It seems like every time I turn around as a parent, I’m hearing advice in one form or fashion on how to help one’s child overcome shyness. Sure, it’s good to be armed with some tips, but sometimes I feel like the best thing a parent, teacher or librarian can give children who struggle with shyness is just a really, really good story.
In February, Eerdmans Books for Young Readers released Eileen Spinelli’s When No One Is Watching, illustrated by David A. Johnson. This picture book really nails the introverted personality and is a lively tribute to the shy child—the type that blooms when alone, yet wilts in public.
“When no one is watching, I dance.” On the very first spread, we see an exuberant young girl, jumping and playing and putting her vibrant imagination to work. However, on the next spread, her family has gathered, inadvertently putting a stop to her antics and creative play. “When everyone’s watching, I hide. I hide like the cat alongside the big chair. I scrunch myself down and pretend I’m not there.”
It turns out that she’s also more adventurous when there aren’t eyes on her, but she stands to the side when groups of children appear. She cheers herself on when she’s alone, playing basketball, yet just repeatedly passes the ball in groups. She also feels free to express her anger when alone, but in one spread, surrounded by loud, pushy people at the veterinarian’s office, she hums. “I hum to myself and I drum on my knee. I wish I could buzz off like some bumblebee.”
Suddenly, the story shifts, and we meet the girl’s friend: “My best friend Loretta’s shy too,” the girl states. They play exuberantly together, and they even sit back to back and read: “Together we don’t care who’s watching at all.”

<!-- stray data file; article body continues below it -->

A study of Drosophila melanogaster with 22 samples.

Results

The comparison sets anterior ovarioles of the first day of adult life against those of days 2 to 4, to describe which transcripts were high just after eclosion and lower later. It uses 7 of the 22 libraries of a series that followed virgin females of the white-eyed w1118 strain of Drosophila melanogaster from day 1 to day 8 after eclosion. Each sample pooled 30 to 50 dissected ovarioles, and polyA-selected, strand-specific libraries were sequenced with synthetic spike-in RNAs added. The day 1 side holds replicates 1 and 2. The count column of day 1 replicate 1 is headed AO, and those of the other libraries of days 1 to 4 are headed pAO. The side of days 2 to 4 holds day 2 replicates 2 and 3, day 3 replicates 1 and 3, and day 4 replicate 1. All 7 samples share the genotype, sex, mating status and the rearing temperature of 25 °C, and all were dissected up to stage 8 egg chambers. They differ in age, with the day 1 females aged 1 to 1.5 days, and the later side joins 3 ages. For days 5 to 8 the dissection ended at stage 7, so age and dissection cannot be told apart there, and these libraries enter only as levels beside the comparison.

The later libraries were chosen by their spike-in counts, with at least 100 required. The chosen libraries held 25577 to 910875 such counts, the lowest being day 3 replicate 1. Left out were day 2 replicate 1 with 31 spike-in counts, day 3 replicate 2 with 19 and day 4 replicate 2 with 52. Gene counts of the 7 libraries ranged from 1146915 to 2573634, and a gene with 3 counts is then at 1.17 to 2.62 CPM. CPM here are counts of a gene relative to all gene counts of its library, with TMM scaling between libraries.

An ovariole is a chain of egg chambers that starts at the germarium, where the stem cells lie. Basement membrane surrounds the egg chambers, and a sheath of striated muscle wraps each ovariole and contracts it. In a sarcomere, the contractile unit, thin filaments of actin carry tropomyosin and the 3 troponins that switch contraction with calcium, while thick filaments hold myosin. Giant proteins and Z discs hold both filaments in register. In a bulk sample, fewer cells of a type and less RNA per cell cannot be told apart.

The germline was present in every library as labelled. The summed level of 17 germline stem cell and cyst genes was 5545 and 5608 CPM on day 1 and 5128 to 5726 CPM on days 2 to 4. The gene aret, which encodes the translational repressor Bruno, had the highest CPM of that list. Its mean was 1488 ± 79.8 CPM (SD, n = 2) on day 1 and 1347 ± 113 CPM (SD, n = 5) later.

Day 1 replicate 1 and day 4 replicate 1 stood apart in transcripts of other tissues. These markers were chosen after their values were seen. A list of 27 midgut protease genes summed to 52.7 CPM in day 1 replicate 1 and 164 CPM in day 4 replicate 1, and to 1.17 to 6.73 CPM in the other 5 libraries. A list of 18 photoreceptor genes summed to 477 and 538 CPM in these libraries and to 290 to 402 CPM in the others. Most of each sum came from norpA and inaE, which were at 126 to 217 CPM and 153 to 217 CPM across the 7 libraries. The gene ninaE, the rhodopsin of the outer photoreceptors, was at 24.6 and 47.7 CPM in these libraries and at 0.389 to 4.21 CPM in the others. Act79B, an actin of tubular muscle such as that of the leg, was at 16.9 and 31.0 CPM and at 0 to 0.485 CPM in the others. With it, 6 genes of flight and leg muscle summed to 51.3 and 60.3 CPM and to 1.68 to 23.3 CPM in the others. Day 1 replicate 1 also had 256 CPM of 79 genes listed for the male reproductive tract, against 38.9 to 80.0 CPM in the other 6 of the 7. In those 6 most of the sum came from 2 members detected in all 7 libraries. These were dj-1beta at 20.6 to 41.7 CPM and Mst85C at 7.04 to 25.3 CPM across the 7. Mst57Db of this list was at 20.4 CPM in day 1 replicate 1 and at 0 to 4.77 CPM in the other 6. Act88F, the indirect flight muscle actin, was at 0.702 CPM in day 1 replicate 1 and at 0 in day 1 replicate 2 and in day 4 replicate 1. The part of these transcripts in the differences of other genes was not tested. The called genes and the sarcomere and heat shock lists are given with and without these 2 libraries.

To be sure, there’s a difference between shyness and being introverted, but this girl seems to be both. For timid and introverted child readers to meet her in this story would be affirming for them, indeed. Spinelli seems to be saying that it’s perfectly okay to want to spend time alone and to be the type of child more concerned with the inner world of the mind, as clearly this girl and her friend are. They find great comfort in one another’s company, too; the girl feels free to open up and showcase a more outgoing side with her one trusted friend.
Spinelli is gifted at telling stories in rhyme, and she includes pleasing elements of repetition here. Johnson makes clever use of color and value to indicate the girl’s level of timidity: During her bouncier, more sparkling moments, she’s rendered in bright hues; yet, when she is feeling shy, she very nearly fades. All in all, it’d be a good book to pair with last year’s Oliver by Birgitta Sif.
Maybe not as introverted as Spinelli’s protagonist, but definitely shy, is Heather Hartt-Sussman’s Noni, who first appeared in Noni Says No (2011). Noni’s will be back this July when Tundra Books releases Noni Is Nervous.
This time, Noni’s feeling very apprehensive about the first day of school. She bites her nails, twirls her hair, and talks nonstop—all in an effort to calm her nerves. She faces so many fears, and it’s here that illustrator Geneviève Côté incorporates a lot of humor into her sunny illustrations, such as the monster hiding under Noni’s bed, kicking back with a book, and the mean teacher Noni imagines, who looks like a cross between a devil and a salamander.
Much like Spinelli’s protagonist, Noni makes a friend on the bus, and soon many of her anxieties are alleviated. Her new friend “is what Mama calls outgoing,” Noni says, and she makes everything a little bit easier.
Gettin’ by with the help of your friend. Oh, and a good book. That’s the way to do it, I say.
Julie Danielson (Jules) conducts interviews and features of authors and illustrators at Seven Impossible Things Before Breakfast, a children's literature blog primarily focused on illustration and picture books.